Linda's Reviews > Leave Me Alone, I'm Reading: Finding and Losing Myself in Books

Leave Me Alone, I'm Reading by Maureen Corrigan

it was amazing
bookshelves: non-fiction, about-books
Read in January, 2010

It was reassuring when I was living alone to have all those familiar presences in the room with me; it was also a little scary. Maybe I was turning into an eccentric whose apartment had become a macrocosmic metaphor for her own fevered mind. I know a fair number of people - some friends or acquaintance, some relatives - who would have wrinkled their noses at those cramped apartments smelling of paper. These people - let's call them the Bounderbys - see books only as commodities. (A refresher: Mr. Bounderby is the "eyes on the bottom line" business whom Dickens lampoons in Hard Times. One advantage of a grad-school degree in English is that you can insult people more elegantly.) "I like bigger books because you get more for your money," a Bounderby one half jokingly confided in me. "I read 'em and I toss 'em," another Bounderby announced when I was visiting her book-free home. Books just don't register with this crowd. They think I lack common sense; I think they lack a part of their souls.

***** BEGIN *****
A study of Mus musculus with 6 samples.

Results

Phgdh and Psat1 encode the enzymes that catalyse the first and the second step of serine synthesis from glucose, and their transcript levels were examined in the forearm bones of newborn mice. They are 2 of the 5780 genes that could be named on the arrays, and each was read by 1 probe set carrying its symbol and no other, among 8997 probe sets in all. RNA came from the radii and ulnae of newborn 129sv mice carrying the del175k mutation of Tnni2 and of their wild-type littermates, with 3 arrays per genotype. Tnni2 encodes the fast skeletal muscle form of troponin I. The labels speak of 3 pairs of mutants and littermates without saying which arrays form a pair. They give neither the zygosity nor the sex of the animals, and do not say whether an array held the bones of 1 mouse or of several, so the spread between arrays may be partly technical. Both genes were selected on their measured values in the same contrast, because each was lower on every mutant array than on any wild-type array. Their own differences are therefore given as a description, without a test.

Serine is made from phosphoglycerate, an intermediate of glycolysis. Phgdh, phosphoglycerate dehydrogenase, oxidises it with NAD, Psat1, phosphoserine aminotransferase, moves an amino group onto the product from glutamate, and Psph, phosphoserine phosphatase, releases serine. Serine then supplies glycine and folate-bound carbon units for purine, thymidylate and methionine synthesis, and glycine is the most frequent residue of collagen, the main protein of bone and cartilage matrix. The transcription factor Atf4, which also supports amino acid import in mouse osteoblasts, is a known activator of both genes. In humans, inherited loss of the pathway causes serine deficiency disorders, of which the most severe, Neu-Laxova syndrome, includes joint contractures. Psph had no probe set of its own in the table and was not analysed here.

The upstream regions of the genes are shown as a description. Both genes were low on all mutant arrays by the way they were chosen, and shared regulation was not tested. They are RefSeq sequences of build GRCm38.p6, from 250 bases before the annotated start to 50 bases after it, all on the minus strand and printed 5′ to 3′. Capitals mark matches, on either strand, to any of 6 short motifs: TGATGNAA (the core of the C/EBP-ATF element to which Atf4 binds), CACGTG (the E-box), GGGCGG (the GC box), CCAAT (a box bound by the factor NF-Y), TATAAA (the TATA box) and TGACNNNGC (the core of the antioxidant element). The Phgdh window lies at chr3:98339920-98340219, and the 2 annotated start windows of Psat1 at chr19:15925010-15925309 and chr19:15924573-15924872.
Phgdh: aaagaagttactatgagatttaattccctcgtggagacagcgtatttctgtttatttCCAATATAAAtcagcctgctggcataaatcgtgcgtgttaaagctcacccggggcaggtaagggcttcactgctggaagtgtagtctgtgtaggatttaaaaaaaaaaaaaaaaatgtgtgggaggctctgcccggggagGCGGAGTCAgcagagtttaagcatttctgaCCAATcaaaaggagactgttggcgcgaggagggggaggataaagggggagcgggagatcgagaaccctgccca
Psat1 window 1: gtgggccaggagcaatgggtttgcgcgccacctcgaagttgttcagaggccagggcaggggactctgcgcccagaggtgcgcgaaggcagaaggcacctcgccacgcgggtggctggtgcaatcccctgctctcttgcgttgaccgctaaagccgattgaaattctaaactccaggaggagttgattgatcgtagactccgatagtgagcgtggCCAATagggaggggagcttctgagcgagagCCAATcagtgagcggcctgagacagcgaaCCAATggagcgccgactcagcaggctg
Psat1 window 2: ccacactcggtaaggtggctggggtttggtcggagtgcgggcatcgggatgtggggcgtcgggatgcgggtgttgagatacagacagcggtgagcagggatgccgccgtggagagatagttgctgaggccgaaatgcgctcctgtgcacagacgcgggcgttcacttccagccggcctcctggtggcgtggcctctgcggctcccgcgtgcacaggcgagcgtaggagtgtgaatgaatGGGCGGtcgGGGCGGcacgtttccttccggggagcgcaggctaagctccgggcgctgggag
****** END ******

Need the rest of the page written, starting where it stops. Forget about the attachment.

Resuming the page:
Anne and Emily certainly captured the call of the wild and lonely in their novels, but Charlotte was the sister who ventured the deepest in exploring the terrors of utter isolation. I'm not talking about just the physical experience of being all by your lonesome; no, Charlotte Bronte shoves her readers into the dark prison of the self and throws away the key.

…I do think Austen and her sisters envisioned something much more ambitious in their novels than a bit of literary beefcake served up with a side of clever repartee. These romances continue to captivate readers because they throw together adult men and women with complicated pasts who have to painstakingly work out the terms of their relationships before they achieve wedded harmony. That's the realistic, strikingly contemporary angle to these romances; the fairy-tale aspect enters in when these mostly plain-to-pleasant-looking poor girls win the alpha males by dazzling them with their smarts.